SC directs Centre and RBI to put K V Kamath panel's recommendations on record
The Supreme Court has asked the Centre and the Reserve Bank of India (RBI) to place on record the KV Kamath committee's recommendations on Covid-19-related debt restructuring, in the ongoing case related to the interest waiver on loans during the moratorium period.
The government and the RBI would submit additional affidavits suggesting steps to bring into shape the recommendations made on waiver of compound interest for small borrowers. The Court has adjourned the hearing until October 13.
The RBI had appointed an expert committee, led by K V Kamath, to frame a resolution framework on stressed loans. The committee in its report, outlined parameters for banks to deal with 26 sectors affected by Covid-19.
A Bench comprising Justices Ashok Bhushan, R Subhash Reddy, and M R Shah asked the RBI and the Centre to respond to concerns raised by power producers and real estate associations who are also petitioners in the case. The Indian Banks' Association has also been called in to give its views on the central government's latest stance on the waiver of compound interest.
The Supreme Court was hearing the case after the Finance Ministry submitted an affidavit stating that it is ready to bear the burden of waiving compound interest for small borrowers. Any individual or entity whose loan amount is less than Rs. 2 crore, irrespective of whether they have availed of loan repayment moratorium or not, will be eligible for the waiver of compounding of interest, it said. This will be for repayment dues pending between March and August, 2020.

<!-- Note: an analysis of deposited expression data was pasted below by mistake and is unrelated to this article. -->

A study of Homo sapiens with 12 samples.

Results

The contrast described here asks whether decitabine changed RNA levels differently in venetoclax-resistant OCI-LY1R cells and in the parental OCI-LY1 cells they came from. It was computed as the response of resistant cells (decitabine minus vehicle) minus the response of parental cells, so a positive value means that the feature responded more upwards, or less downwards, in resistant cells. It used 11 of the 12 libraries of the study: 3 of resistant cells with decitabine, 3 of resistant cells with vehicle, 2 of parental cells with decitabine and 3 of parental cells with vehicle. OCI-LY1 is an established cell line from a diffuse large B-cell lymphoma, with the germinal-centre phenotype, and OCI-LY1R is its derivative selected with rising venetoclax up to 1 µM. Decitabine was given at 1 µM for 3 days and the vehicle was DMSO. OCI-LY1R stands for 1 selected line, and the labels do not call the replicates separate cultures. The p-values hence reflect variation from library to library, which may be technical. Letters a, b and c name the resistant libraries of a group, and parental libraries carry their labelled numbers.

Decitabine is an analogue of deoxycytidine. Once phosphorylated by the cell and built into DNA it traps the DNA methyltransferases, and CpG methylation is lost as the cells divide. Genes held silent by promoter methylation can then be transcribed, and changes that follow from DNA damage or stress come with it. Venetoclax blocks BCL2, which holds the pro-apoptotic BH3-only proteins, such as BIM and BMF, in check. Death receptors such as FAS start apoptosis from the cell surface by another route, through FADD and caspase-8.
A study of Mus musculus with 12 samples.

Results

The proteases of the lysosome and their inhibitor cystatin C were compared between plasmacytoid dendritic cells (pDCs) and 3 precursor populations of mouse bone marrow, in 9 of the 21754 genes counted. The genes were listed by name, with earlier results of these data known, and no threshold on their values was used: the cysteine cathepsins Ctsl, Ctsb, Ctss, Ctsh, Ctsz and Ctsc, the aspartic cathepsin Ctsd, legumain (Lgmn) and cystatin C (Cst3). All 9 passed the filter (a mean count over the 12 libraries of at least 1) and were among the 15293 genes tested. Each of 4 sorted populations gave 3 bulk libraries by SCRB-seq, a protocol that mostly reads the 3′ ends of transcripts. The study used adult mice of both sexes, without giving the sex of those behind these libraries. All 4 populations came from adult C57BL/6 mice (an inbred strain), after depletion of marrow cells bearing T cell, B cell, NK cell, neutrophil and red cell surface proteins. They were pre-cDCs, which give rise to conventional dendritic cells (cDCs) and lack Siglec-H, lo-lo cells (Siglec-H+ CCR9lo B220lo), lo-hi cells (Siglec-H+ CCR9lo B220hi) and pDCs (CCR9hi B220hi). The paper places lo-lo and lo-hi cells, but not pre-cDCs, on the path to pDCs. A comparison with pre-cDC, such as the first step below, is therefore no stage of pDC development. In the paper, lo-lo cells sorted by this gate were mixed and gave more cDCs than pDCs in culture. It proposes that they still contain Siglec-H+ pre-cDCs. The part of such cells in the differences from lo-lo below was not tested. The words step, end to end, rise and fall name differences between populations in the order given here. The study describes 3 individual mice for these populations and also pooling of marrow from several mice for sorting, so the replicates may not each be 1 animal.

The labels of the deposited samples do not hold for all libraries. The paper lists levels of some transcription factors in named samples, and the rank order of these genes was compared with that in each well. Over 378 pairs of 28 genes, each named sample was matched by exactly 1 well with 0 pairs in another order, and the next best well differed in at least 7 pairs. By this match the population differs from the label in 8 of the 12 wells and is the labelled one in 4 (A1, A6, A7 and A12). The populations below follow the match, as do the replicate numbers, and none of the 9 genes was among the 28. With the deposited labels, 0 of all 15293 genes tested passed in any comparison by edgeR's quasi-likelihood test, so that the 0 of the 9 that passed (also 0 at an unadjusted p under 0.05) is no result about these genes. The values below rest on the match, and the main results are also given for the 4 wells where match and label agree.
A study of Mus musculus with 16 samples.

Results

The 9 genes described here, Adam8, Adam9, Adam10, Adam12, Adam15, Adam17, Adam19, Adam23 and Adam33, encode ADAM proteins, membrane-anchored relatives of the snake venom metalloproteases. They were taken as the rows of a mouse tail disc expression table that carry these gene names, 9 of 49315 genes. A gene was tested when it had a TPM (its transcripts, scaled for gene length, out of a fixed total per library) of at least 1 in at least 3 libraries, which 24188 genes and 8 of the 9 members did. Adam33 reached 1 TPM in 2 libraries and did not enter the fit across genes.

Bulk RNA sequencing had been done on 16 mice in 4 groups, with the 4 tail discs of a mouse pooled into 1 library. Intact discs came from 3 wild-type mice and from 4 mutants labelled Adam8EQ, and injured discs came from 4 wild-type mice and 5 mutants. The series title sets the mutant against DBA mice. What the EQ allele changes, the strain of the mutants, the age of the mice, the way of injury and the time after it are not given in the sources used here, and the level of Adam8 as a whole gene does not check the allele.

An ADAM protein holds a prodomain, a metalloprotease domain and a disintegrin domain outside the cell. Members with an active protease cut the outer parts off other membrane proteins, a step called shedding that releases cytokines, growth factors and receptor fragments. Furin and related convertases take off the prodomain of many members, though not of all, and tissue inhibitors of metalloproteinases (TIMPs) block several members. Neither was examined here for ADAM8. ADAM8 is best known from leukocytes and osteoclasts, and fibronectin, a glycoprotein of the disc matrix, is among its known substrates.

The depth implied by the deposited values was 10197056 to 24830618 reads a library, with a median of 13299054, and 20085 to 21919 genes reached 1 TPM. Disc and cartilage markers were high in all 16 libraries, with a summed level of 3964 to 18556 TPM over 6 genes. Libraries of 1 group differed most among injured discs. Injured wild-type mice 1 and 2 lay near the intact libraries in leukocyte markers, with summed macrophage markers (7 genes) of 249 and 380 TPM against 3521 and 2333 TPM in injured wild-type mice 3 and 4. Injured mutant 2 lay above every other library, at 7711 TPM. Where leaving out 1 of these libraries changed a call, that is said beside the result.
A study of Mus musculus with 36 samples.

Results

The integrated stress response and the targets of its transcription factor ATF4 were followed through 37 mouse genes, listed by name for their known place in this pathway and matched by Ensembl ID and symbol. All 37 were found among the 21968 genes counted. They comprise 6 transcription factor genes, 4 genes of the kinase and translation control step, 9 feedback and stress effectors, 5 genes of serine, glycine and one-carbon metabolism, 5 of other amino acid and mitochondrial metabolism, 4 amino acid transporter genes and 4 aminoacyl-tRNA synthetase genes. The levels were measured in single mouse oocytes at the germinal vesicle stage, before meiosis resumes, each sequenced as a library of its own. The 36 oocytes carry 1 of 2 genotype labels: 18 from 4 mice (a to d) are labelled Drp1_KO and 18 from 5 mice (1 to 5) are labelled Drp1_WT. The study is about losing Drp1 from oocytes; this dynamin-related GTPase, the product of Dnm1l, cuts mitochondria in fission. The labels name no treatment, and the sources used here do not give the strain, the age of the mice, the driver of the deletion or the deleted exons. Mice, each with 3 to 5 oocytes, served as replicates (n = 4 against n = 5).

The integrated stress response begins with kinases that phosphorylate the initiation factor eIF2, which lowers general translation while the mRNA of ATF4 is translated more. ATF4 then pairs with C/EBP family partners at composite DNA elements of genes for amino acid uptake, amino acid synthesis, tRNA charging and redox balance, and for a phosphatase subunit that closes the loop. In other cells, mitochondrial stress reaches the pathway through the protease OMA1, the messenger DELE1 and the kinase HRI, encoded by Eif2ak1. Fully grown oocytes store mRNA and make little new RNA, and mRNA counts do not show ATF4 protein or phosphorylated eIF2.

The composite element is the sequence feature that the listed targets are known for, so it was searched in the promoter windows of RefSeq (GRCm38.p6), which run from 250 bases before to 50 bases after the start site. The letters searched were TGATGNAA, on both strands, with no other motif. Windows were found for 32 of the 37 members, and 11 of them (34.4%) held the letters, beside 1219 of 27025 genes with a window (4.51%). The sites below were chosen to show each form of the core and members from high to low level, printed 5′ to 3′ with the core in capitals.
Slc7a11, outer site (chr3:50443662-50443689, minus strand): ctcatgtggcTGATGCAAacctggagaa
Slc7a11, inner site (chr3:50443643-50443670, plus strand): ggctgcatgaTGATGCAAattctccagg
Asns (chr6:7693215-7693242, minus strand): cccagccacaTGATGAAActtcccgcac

The Confederation of Real Estate Developers' Association represented by Senior advocate Kapil Sibal, sought additional time from the Court to respond to the Centre's affidavit on the waiver of compound interest. It also added that the figures mentioned in it were "without any basis". The central government had said in its affidavit that a waiver of interest on all loans during the moratorium period would cost Rs. 6 trillion, rendering most banks unviable.
Senior advocate Aryama Sundaram argued that the concerns of power producers and the real estate sector had not been taken into account in the Centre's affidavit on loan waiver. He even said that the sectors will not benefit from the loan restructuring scheme formulated by the RBI.
During the brief hearing, the Bench said it was considering everything as the "balance" had to be struck between the needs of the banks and the borrowers, and sought the IBA's response on the Centre's decision. "Ok, we will grant time to file a reply to the affidavit. We are considering everything. A balance has to be struck. You also reply to the stand of the individual bank," it said.
On being asked as to how and when banks would implement the plan, senior advocate Harish Salve, appearing for the IBA, said once the RBI issued a circular on the issue, banks would do the needful within 24 hours.
Senior lawyer V Giri, appearing for the RBI, said the government had taken a decision at the "highest level to handhold small borrowers" and had held deliberations on aspects of reliefs to various sets of borrowers.
Solicitor General Tushar Mehta, appearing for the Centre, said the government had taken a decision after taking a holistic view of the entire situation.
He said the government would be placing the Kamath committee recommendations on record.
The Supreme Court is hearing a petition filed by an Agra resident, Gajendra Sharma, who demanded a waiver of interest charged by banks on the instalments that have been deferred for repayment by the RBI through a six-month moratorium imposed in March. A number of industrial bodies have joined the cause with the original petition demanding waiver of interest, or waiver of interest on interest on the suspended monthly instalments.